China’s stocks tumbled to the lowest levels in 13 months amid concern capital outflows will accelerate as the economy slows and support for the yuan eats into the nation’s foreign reserves.
The Shanghai Composite Index plunged 6.4 percent to 2,749.79 at the close. All industry groups slumped, ranging from commodity shares to new-economy sectors such as technology. Besides data showing outflows hitting an estimated $1 trillion last year, investors were concerned about a possible liquidity squeeze even as the central bank flooded the financial system with cash before the upcoming Chinese new year holiday. Some of the nation’s most accurate forecasters said the stock index may not bottom until it falls to the 2,500 level.
“It’s an issue about confidence and there’s no confidence in the market now,” said Wu Kan, a fund manager at JK Life Insurance Co. in Shanghai. “The depreciating yuan and slowing economic growth have been haunting the market for a while. We are less than two weeks from the spring festival and it seems that most investors are in no mood to trade any more.”
“Capital outflows and demand for cash before Lunar New Year may weigh on the stock market in spite of the recent massive fund injection from the PBOC,” said Huang Cendong, a Shanghai-based analyst at Sinolink Securities Co.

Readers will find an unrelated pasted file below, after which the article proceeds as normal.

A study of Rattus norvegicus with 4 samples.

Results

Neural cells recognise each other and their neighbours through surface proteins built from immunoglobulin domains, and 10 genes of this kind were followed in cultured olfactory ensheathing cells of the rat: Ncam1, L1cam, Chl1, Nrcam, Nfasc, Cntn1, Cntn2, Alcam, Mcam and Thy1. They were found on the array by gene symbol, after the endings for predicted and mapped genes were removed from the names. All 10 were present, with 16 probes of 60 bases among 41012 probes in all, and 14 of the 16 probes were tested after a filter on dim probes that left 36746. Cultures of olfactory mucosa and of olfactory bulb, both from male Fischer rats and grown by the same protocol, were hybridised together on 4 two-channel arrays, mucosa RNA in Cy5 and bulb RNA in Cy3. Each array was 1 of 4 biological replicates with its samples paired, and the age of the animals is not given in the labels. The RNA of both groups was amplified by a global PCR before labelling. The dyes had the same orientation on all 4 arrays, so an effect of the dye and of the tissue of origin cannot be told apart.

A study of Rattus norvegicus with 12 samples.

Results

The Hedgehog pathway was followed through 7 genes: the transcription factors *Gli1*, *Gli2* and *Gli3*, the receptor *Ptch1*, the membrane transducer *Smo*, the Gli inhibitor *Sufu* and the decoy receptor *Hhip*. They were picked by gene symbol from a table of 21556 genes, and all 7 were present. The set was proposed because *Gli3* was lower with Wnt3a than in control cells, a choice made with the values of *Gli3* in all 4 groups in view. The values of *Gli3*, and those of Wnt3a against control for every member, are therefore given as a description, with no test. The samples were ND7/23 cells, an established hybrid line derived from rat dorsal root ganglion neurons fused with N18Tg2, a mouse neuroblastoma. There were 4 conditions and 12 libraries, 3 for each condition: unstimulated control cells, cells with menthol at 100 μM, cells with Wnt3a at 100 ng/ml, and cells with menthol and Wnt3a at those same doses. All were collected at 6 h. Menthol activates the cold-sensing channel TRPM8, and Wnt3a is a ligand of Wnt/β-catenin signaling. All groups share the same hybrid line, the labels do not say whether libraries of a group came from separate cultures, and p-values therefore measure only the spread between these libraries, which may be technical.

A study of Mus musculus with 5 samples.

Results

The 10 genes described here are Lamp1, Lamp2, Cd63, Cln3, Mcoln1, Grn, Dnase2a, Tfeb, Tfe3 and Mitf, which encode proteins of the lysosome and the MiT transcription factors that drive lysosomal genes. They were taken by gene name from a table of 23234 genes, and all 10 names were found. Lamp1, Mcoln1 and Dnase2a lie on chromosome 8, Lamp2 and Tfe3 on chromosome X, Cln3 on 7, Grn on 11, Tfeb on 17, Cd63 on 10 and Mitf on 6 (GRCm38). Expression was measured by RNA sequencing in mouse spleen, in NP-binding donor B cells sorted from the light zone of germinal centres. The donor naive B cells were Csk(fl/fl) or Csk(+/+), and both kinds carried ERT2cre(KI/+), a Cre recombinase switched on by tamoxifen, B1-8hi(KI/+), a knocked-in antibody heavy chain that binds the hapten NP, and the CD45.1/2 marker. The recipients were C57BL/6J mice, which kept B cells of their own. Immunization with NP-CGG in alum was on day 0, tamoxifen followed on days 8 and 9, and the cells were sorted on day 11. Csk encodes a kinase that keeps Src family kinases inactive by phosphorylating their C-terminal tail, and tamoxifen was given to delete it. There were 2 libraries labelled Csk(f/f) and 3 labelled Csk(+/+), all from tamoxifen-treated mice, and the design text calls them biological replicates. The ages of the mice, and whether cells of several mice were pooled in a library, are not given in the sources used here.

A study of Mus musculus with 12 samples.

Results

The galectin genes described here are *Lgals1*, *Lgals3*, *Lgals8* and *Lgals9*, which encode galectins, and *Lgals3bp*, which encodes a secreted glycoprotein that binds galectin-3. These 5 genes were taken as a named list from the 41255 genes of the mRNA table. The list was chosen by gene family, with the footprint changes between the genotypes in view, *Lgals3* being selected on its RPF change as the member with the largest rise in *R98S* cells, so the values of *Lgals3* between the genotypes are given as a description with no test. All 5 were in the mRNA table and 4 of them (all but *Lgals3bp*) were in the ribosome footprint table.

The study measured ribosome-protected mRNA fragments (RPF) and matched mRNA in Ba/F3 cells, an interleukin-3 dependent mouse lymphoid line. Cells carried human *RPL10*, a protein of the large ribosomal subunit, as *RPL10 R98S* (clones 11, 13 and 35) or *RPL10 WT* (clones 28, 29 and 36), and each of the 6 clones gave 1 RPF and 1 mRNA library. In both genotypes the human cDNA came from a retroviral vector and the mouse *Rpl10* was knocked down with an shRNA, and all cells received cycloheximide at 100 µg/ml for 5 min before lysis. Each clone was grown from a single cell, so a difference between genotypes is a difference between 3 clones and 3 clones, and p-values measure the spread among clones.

The CSI 300 Index fell 6 percent, led by industrial, energy and technology shares. XCMG Construction Machinery Co., China’s biggest crane maker, and Shenzhen O-film Tech Co. plunged by the 10 percent daily limit. PetroChina Co., the largest energy company, dropped 4.7 percent.
Thomas Schroeder, the managing director of Chart Partners Group Ltd. who predicted in October that a rebound in Chinese stocks wouldn’t last, says the benchmark index will drop to 2,400. Huang Weimin, whose Chinese stock-index futures wagers returned more than 6,200 percent last year, advised investors to sell shares as the stock market could drop another 15 percent in the first half as slowing growth and a weaker yuan fuel capital outflows.
China has been burning through reserves to reduce yuan volatility as the currency lost its status as a one-way bet on appreciation amid an unexpected devaluation in August. The stockpile of reserves plunged $513 billion last year to $3.33 trillion, the first annual drop since 1992. Foreign exchange reserves are seen tumbling $300 billion this year to the $3 trillion level, according to a Bloomberg News survey.
The Hang Seng China Enterprises Index decreased 3.4 percent. The Hang Seng Index lost 2.5 percent, dragged down by financial and oil shares. The gauge has slumped 14 percent this year as the city’s dollar peg came under pressure and short-term interest rates spiked.